March 21, 2013

Skunk Cabbage - Symplocarpus foetidus

To celebrate the first days of spring I thought it would be good to highlight one of the earliest spring bloomers, skunk cabbage! Here are 10 fun facts about this unique, native species:

1 Eastern skunk cabbage belongs to Araceae, the same plant family as calla lilies, flamingo flowers, and titan arums!

2 Where might you find this odd little plant? If you live in Illinois, it’s mostly distributed in the northeastern corner of the state, but can be found in some central-Illinois counties. Generally it grows in wet areas like swamps, seeps, deciduous woodlands, wet thickets, fens, and bogs.

3 To many, skunk cabbage resembles a little garden gnome! In technical terms, its "hood" is called a spathe, while the internal flower cluster is called a spadix.

4 Skunk cabbage flowers are perfect (have male and female parts,) but lack petals. They do, however, have flesh colored sepals. Each flower goes through a female phase where you can see its stigma, followed by a male phase where the bright yellow pollen is apparent.

5 True to its name, skunk cabbage does smell! Its flowers give off an odor like rotten meat to trick its main pollinators, flies, into visiting. However, other pollinators like bees can also be seen visiting skunk cabbage flowers and gathering their pollen. Watch this video to see skunk cabbage pollination in action!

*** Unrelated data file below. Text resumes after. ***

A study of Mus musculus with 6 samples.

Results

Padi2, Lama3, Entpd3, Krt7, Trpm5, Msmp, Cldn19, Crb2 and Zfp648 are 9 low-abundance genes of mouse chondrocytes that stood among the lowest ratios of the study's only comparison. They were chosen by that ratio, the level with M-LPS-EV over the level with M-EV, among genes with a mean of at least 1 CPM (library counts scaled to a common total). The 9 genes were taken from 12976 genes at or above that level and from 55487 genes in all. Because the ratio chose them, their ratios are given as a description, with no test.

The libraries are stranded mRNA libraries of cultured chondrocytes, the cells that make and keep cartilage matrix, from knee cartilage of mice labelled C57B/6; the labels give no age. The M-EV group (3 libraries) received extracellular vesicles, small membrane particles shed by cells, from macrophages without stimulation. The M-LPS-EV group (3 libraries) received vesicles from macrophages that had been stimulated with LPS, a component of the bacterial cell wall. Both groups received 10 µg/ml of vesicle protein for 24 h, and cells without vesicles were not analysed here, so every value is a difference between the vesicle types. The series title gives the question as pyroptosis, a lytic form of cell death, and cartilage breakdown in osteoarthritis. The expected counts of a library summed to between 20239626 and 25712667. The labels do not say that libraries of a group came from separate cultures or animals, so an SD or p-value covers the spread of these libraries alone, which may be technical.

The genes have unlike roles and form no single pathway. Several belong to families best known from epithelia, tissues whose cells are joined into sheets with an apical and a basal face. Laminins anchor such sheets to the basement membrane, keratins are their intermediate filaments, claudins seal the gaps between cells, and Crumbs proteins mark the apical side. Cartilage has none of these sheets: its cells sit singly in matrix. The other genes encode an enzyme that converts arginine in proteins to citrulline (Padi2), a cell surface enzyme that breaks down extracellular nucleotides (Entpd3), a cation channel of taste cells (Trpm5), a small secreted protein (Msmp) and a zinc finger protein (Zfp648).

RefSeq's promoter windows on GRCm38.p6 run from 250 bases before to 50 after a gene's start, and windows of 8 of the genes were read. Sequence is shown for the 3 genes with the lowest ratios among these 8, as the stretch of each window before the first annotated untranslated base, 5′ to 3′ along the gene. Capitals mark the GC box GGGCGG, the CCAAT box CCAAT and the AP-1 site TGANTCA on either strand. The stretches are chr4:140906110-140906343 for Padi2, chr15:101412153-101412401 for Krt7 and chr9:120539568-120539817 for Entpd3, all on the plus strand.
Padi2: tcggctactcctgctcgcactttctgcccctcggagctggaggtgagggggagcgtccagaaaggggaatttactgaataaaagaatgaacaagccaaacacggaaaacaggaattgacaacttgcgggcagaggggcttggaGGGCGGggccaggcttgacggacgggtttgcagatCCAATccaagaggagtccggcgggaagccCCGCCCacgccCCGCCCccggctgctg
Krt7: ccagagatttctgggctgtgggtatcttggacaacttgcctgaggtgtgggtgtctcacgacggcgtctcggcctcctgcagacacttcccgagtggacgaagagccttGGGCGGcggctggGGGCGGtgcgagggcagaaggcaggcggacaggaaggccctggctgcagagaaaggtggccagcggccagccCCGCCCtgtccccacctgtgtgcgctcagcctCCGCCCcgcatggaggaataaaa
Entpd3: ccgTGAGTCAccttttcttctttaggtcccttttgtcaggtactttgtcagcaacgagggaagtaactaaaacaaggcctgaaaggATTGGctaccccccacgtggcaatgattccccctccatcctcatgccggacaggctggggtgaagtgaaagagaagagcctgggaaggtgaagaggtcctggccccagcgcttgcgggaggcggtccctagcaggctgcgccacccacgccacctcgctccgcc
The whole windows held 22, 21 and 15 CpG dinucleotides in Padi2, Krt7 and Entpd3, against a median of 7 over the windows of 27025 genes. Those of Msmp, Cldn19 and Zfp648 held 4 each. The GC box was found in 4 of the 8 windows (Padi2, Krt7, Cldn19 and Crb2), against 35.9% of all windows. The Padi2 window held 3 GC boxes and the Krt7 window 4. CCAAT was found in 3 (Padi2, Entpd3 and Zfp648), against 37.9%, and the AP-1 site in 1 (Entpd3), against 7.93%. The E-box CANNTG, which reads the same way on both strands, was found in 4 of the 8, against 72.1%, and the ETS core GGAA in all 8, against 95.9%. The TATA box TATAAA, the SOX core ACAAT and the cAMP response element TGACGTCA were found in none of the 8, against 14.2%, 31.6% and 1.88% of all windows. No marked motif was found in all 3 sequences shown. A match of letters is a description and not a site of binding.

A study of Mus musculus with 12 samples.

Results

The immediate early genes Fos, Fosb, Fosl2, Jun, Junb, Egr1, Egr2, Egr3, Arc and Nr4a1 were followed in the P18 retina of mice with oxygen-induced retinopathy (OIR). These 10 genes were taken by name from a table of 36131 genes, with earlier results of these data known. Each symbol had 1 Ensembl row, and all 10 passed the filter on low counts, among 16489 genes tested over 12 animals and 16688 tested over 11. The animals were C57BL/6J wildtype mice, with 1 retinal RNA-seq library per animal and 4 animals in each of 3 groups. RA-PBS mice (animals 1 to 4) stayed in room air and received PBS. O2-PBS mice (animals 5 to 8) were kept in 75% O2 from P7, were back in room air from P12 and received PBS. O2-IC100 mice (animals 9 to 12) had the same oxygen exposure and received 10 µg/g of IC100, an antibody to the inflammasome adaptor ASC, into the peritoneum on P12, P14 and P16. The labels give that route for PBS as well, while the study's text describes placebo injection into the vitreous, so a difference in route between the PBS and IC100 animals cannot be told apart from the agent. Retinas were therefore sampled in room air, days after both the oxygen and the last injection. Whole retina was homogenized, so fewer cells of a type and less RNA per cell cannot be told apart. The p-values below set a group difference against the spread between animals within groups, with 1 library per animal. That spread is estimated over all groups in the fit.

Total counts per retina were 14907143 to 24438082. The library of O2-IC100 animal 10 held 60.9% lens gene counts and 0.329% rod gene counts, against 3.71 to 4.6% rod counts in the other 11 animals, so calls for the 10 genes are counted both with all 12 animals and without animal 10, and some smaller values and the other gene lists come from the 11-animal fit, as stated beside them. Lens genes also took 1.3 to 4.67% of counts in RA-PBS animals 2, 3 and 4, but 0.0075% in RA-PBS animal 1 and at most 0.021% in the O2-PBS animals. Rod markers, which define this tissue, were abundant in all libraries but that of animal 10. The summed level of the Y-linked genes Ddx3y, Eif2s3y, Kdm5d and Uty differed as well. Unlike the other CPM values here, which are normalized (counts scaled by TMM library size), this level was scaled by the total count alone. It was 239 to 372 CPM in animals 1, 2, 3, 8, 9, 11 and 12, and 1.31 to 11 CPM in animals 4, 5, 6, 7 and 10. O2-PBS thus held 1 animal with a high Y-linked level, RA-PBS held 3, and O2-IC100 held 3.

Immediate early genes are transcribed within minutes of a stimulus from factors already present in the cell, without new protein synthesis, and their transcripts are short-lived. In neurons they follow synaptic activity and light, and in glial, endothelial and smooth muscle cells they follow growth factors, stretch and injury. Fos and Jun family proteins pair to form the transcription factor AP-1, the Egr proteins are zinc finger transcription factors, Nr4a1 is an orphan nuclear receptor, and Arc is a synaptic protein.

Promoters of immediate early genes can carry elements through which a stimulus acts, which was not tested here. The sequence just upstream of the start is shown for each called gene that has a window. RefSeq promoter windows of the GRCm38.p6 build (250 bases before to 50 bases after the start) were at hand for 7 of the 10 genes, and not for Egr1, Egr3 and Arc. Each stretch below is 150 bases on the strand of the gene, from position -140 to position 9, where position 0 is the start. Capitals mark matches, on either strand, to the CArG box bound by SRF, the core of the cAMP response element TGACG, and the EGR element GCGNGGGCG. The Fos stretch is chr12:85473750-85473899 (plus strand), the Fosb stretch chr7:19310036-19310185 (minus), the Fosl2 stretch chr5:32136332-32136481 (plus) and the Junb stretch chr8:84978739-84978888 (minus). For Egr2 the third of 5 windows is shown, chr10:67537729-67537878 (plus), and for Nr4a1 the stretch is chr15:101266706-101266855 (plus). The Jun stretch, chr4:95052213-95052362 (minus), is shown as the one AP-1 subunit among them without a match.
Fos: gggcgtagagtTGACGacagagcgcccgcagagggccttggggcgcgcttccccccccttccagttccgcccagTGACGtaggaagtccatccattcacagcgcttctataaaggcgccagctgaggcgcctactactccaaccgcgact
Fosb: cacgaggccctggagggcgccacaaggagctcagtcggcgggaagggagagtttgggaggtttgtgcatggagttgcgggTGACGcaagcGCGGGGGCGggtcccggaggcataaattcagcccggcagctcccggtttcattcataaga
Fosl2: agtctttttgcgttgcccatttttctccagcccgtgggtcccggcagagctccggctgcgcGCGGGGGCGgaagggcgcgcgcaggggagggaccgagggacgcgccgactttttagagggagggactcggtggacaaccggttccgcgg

6 In addition to its rotten scent, skunk cabbage attracts pollinators due to its warmth (its flower heads generate heat during respiration as they use oxygen to break down starch.) In some cases, the air inside the spathe can be up to 95 degrees Fahrenheit warmer than the surrounding air temperature!

7 This neat plant blooms in late winter or early spring when there is often still snow on the ground. Due to the heat its flowers produce, skunk cabbage is actually able to melt the snow immediately around itself!

8 Each successfully pollinated flower in a skunk cabbage spadix produces a berry fruit. The berries are clustered very close together, hence the plant’s genus name, Symplocarpus, which comes from the Greek symploke meaning “a connection” and karpos meaning “fruit.” Don’t ever eat skunk cabbage berries though; they’re poisonous!

9 After blooming is complete, the leaves of skunk cabbage unroll and grow, often reaching heights of over 20 inches. The leaves are seldom eaten by herbivores because they contain calcium oxalate crystals; these crystals can cause death or permanent kidney and liver damage if eaten! However, some brave, very hungry herbivores like snapping turtles and black bears may eat the leaves after hibernating.

10 Want to get skunk cabbage seeds to germinate? Then make sure to keep them wet! Also, be sure to plant skunk cabbage in a partly sunny location where the soil is mucky and constantly wet!